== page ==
Ram Nath Kovind, the former governor of Bihar and a member of the Bharatiya Janata Party, was elected as the 14th President of India on Thursday. On this occasion, I would like to draw the attention of music lovers to opinions expressed about Indian music by Rajendra Prasad, the first President of India.
The perspective Prasad gave while inaugurating the All India Music Conference in Calcutta (now Kolkata) on December 26, 1952, reflected the nationalist view that had influenced the writing of music history since the late 19th century. Ignoring the existence of a diversity of musical systems and forms in India since time immemorial, votaries of this interpretation of Indian music history said that Indian classical music had an ancient Hindu-Sanskritic past before its status and that of its practitioners was lowered during centuries of Muslim rule. For an example of such opinions, readers may see Gopal Hari Deshmukh or Lokhitwadi’s “Sangeetshastra” in Anant Kakba Priyolkar (ed), Lokhitwadikrit Nibandhsangraha: Gopal Hari Deshmukh, (Marathi), Popular Prakashan, Mumbai, 1996, p. 521.
In keeping with this view , Prasad mentioned that music in India was closely linked with religion, a fact that is partially true as there is as much of evidence of it being associated with the secular through the ages. He further stated that music and its supporters fell prey to “luxury”, causing it to be socially ostracised. Expressing happiness that music is being reclaimed by the “highest social circles”, he believed that the popularity of music could push it back to its degraded position and therefore warned musicians to guard against such a “danger”.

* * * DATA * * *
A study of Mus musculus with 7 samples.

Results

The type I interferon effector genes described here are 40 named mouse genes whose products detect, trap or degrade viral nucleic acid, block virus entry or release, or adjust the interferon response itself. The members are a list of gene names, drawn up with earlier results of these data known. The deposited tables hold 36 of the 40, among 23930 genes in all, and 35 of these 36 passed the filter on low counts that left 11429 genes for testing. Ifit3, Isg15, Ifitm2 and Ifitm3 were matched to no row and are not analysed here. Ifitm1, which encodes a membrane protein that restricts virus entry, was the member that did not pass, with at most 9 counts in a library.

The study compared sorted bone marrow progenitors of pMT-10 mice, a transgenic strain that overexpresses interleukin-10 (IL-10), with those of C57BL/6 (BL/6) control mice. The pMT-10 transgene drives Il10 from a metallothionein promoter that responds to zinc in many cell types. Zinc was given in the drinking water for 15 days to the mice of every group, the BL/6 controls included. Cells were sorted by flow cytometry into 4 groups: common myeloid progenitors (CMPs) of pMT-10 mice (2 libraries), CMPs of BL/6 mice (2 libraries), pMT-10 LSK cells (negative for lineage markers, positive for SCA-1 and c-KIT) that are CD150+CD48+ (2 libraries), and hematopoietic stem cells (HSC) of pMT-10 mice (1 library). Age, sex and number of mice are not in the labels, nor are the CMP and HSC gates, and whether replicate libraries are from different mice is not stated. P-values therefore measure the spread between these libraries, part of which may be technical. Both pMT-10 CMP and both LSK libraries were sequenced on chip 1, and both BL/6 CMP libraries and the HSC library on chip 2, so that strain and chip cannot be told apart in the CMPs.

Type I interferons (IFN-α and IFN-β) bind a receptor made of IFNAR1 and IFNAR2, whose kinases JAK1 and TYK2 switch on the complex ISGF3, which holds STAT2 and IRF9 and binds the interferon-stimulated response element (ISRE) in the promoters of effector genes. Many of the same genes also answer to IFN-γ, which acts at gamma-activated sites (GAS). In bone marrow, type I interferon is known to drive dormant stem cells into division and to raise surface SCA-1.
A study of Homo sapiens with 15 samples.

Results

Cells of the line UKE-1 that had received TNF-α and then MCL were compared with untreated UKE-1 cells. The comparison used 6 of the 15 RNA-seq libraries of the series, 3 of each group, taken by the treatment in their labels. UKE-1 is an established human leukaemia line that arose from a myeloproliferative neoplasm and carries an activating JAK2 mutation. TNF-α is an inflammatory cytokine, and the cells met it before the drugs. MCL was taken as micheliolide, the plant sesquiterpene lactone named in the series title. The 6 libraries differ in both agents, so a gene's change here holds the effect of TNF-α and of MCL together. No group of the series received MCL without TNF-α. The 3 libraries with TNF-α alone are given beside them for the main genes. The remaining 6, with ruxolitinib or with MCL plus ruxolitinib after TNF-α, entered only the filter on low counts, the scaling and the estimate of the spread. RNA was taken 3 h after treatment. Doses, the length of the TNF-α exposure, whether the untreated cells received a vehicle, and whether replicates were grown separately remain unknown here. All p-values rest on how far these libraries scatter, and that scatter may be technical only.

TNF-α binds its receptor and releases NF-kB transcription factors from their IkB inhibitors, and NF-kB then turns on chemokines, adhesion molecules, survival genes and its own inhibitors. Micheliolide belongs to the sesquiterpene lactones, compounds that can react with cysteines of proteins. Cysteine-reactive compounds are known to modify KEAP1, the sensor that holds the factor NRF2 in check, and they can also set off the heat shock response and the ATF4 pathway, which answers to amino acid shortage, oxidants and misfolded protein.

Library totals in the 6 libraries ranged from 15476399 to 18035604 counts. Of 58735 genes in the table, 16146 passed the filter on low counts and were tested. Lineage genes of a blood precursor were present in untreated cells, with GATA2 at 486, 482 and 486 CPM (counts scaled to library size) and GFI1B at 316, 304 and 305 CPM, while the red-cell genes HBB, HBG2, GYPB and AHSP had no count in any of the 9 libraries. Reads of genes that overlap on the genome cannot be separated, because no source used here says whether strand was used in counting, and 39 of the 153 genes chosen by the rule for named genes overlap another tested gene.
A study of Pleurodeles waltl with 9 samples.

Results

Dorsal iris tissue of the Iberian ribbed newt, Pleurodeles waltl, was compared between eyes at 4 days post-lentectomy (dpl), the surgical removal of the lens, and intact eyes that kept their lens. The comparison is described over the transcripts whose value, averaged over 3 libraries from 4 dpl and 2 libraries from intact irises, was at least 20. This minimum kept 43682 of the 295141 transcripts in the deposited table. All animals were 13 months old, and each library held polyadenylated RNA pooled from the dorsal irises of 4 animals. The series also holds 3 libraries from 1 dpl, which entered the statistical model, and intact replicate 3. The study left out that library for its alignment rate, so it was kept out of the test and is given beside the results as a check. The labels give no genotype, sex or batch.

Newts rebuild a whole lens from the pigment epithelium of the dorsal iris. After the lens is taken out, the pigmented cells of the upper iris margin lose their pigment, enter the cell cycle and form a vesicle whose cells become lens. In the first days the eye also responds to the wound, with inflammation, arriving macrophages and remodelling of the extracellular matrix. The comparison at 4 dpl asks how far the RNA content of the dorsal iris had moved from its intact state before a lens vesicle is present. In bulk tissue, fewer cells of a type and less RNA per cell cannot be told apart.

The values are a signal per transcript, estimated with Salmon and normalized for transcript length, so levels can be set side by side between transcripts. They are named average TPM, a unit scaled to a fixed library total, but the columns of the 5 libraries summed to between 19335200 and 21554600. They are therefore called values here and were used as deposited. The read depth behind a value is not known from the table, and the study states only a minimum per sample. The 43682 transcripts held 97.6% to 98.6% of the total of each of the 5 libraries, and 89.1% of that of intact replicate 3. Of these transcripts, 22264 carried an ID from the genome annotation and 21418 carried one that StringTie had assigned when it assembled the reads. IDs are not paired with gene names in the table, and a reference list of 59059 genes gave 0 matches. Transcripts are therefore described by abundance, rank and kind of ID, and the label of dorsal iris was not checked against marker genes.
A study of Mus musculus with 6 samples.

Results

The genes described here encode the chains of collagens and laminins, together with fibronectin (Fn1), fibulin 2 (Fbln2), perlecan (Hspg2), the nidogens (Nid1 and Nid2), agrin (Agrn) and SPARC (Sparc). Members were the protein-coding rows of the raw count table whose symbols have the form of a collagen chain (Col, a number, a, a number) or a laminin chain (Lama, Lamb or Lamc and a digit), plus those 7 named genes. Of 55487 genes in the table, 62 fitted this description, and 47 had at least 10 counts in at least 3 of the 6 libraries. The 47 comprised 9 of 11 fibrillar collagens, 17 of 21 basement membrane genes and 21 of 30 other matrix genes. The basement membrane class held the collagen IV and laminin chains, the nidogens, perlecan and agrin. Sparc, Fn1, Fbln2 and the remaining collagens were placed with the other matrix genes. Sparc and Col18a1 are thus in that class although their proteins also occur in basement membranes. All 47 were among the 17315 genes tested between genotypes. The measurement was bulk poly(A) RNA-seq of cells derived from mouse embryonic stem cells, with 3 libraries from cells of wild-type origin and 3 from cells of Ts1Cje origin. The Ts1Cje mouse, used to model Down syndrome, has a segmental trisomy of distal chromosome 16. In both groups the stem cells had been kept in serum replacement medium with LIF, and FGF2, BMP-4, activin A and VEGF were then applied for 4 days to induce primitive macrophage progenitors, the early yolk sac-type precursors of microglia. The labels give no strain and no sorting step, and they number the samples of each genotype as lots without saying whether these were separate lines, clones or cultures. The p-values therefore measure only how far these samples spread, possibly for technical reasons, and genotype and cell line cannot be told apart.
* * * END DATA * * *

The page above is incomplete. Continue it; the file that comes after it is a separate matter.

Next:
But interestingly, Prasad revealed a dichotomous historical outlook, as he praised the common effort shown by Hindus and Muslims, particularly those in the North, in creating raags and musical instruments. In fact, he went on to say that communal exclusiveness seen in other spheres of Indian life was absent from music. Stressing that folk songs have always been integral to Indian social life, he spoke about the inspiration that music had provided to the national movement for independence and to social reform movements.
Favouring the inclusion of music in children’s education, he asked for reforms in pedagogical methods to integrate culture in education. Sadly, several decades have gone by, but we still have not seen a meaningful integration of the arts in our schools’ curriculum.
Perhaps it was Rajendra Prasad’s interest in Indian music, or rather his interest in its practitioners, that prompted him to ask reputed author, Sahitya Akademi Award winner and Padma Bhushan awardee Amritlal Nagar to document the lives of hereditary women performers from Northern India. This documentation, containing information procured through extensive interviews, was published as Ye Kothewaliyan, a work in Hindi that continues to be widely accessed by scholars.
We end this episode with an exquisite bol banaav thumri based on the raag Manjh Khamaj presented by Siddheshwari Devi, one of the best exponents of thumri, dadra and allied forms, and one of the many women performers to have been interviewed as part of Nagar’s project.